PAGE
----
I have always shopped at garage sales and thrift stores. When I was very young, we lived in rural areas, and garage sales were our Saturday morning activity. My mother is the original FrugalBabe. She knows pretty much every possible way to stretch a dollar, and she taught her four children well. To this day, we all shop in thrift stores, drive older cars, and are good at seeing through advertising and commercial hype. This is not to say that I was always happy about wearing used clothes, or the fact that my parents drove 20-year old cars. From about age seven through 18, I was embarrassed by our family’s frugality. I loved the stuff I had, and I loved the fact that my mother was always waiting for us when we got home from school, ready with a hug, a snack and help with homework. I loved how close our family was, and how my parents always had time for us. But I never told anyone where we shopped, and I often wished that we could have a new car – even though my father kept the old ones running like new.
By the time I was in high school, we would take multi-day family shopping trips to the city each summer before school started. Lots of families in our town would also do their back-to-school shopping in the city, but while they were headed to the malls, we would be scouring every thrift store we knew of. My mother had it down to a science; she knew which stores were good for specific items, where every store was in relation to the others, and which ones were open late. We would get a motel room for a three day weekend, and spend the whole time shopping. I loved these trips. I would look forward to them all summer, and would be thrilled by all the treasures I’d find for a few dollars. But when I went back to school and someone asked me where I got something I was wearing, my usual response was “I don’t remember…”
By the time I was in college and handling my own money and credit card, I began to get a new perspective on money. I realized that my parents had made the choice to have less money and be able to spend more time with their children. They had also made the choice to live below their means, even on a single paycheck with four children. By buying used cars and keeping them for 15 years, my parents were able to help all four of their children pay for college, and we all graduated debt-free. I am very proud of my parents and the way they live their lives without worrying about the superficial details that so many of us get hung up on.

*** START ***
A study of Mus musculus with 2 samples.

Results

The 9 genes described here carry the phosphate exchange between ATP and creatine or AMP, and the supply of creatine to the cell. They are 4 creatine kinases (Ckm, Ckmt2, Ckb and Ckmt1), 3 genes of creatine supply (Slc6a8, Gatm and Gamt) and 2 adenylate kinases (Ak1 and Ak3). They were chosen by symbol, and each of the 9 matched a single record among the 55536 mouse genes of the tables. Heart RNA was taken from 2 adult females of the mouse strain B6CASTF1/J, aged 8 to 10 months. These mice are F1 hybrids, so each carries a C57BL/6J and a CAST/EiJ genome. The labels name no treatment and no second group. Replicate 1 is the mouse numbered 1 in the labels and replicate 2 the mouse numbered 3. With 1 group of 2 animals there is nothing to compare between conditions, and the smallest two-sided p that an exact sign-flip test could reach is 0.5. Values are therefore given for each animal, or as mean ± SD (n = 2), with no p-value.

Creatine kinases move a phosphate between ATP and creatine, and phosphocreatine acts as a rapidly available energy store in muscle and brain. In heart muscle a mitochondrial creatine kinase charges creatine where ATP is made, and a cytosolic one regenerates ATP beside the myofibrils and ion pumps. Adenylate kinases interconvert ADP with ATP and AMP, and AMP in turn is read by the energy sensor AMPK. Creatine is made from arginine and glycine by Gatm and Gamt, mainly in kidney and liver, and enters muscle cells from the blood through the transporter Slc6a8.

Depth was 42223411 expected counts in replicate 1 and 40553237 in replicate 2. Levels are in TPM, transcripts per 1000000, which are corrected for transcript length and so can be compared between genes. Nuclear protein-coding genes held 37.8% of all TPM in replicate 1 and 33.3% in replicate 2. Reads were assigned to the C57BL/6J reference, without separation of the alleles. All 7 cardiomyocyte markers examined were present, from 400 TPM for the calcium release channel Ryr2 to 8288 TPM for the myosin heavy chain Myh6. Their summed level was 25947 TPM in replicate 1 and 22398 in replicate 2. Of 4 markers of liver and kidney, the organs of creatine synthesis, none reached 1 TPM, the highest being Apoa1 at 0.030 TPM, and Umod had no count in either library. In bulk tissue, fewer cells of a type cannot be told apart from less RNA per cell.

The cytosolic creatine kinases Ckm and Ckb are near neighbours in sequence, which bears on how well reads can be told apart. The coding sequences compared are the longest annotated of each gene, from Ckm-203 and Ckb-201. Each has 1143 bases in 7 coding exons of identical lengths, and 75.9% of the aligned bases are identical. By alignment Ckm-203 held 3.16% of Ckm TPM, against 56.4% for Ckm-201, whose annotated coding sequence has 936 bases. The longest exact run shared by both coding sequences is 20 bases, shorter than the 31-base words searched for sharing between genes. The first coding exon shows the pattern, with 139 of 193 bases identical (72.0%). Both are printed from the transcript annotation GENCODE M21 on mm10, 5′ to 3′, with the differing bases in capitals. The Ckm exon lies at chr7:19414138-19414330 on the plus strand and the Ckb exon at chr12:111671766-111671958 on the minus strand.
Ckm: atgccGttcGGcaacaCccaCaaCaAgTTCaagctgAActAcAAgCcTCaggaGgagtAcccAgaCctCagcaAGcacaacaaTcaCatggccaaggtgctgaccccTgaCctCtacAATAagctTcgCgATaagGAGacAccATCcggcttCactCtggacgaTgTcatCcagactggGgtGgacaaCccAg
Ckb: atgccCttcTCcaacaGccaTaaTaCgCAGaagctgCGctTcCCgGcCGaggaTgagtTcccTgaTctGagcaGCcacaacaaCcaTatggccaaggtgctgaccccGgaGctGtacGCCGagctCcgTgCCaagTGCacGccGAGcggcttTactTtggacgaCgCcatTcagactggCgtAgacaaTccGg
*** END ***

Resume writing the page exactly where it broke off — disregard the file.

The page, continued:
My siblings weren’t embarrassed by our frugality the way I was when we were growing up. They didn’t mind if people knew where we shopped, and didn’t try to fit in with all the newest trends the way I usually did. The funny thing is, I loved our thrift store shopping adventures more than anyone in the family. So why did I care so much about whether my classmates knew where I shopped? I guess it just took me a little longer to realize a few things about life…
- People don’t care nearly as much about where I shop as I thought they did.
- Most people think that it’s pretty cool when you find a sweet bargain on something.
- The approval of people who would look down on me for buying second-hand stuff is worthless. My parents told me this all my life, but I was in college before I truly believed it.
- Clothes aren’t the most important things in life. Really.
These days, when anyone asks where I got something I’m wearing, I’ll proudly tell them, or if I can’t remember, I’ll mention my favorite thrift store. After so many years of hiding my shopping secret, it still surprises me how many of them say how much they love that store as well.